Article by Gillian Tett :”Last year, the powerful US data company Palantir filed documents for an initial public offering. Included was a remarkable letter to investors from Alex Karp, the CEO, that is worth remembering now.
“Our society has effectively outsourced the building of software that makes our world possible to a small group of engineers in an isolated corner of the country,” he wrote. “The question is whether we also want to outsource the adjudication of some of the most consequential moral and philosophical questions of our time.”
Karp added, “The engineering elite in Silicon Valley may know more than most about building software. But they do not know more about how society should be organized or what justice requires.” To put it more bluntly, techies might be brilliant and clever at what they do, but that doesn’t make them qualified to organise our lives. It was a striking statement from someone who is himself an ultra techie and whose company’s extensive military and intelligence links have sparked controversy…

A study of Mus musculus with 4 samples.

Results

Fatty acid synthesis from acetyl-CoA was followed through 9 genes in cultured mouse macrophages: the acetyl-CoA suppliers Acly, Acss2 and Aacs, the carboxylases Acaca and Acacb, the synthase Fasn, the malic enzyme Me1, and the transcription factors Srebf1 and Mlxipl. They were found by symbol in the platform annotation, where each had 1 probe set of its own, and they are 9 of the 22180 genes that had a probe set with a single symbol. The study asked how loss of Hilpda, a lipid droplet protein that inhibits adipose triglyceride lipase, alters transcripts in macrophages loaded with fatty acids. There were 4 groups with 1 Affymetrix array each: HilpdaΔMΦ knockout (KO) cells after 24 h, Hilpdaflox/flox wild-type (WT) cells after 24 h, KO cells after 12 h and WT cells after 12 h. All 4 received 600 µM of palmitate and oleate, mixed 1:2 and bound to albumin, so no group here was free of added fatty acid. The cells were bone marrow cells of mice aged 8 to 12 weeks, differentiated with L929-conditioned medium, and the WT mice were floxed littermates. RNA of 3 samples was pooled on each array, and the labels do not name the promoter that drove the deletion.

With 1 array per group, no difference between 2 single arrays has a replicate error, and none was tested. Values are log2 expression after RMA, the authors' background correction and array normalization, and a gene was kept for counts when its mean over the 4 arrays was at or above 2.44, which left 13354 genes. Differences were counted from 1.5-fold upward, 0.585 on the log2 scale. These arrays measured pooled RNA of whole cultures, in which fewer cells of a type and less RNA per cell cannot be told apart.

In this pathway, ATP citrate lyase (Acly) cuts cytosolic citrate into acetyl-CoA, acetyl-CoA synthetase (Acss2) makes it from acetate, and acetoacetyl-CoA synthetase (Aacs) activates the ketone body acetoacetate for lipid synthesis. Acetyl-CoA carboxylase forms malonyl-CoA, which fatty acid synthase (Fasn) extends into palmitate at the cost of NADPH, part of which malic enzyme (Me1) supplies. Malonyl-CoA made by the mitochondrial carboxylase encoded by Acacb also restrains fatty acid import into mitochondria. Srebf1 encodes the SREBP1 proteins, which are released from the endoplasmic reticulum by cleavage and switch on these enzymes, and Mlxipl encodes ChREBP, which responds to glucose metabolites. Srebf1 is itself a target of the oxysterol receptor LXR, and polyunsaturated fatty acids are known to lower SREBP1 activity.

The good news is that people in his position are finally prepared to talk about it. The even better news is that there are experiments under way to combat techie tunnel vision. In Silicon Valley, for instance, Big Tech companies are hiring social scientists. Other innovation hubs show promising signs too. In Canberra, Genevieve Bell, a former vice-president at Intel, has launched a blended social and computer science AI institute. These initiatives aim to blend AI with what I call “anthropological intelligence” — a second type of “AI” that provides a sense of social context.
The bad news is that such initiatives remain modest, and there is still extreme information asymmetry between the engineers and everyone else. What is needed is an army of cultural translators who will fight our tendency to mentally outsource the issues to engineering elites. Maybe tech innovators such as Karp and Schmidt could use some of their vast wealth to fund this….(More)”.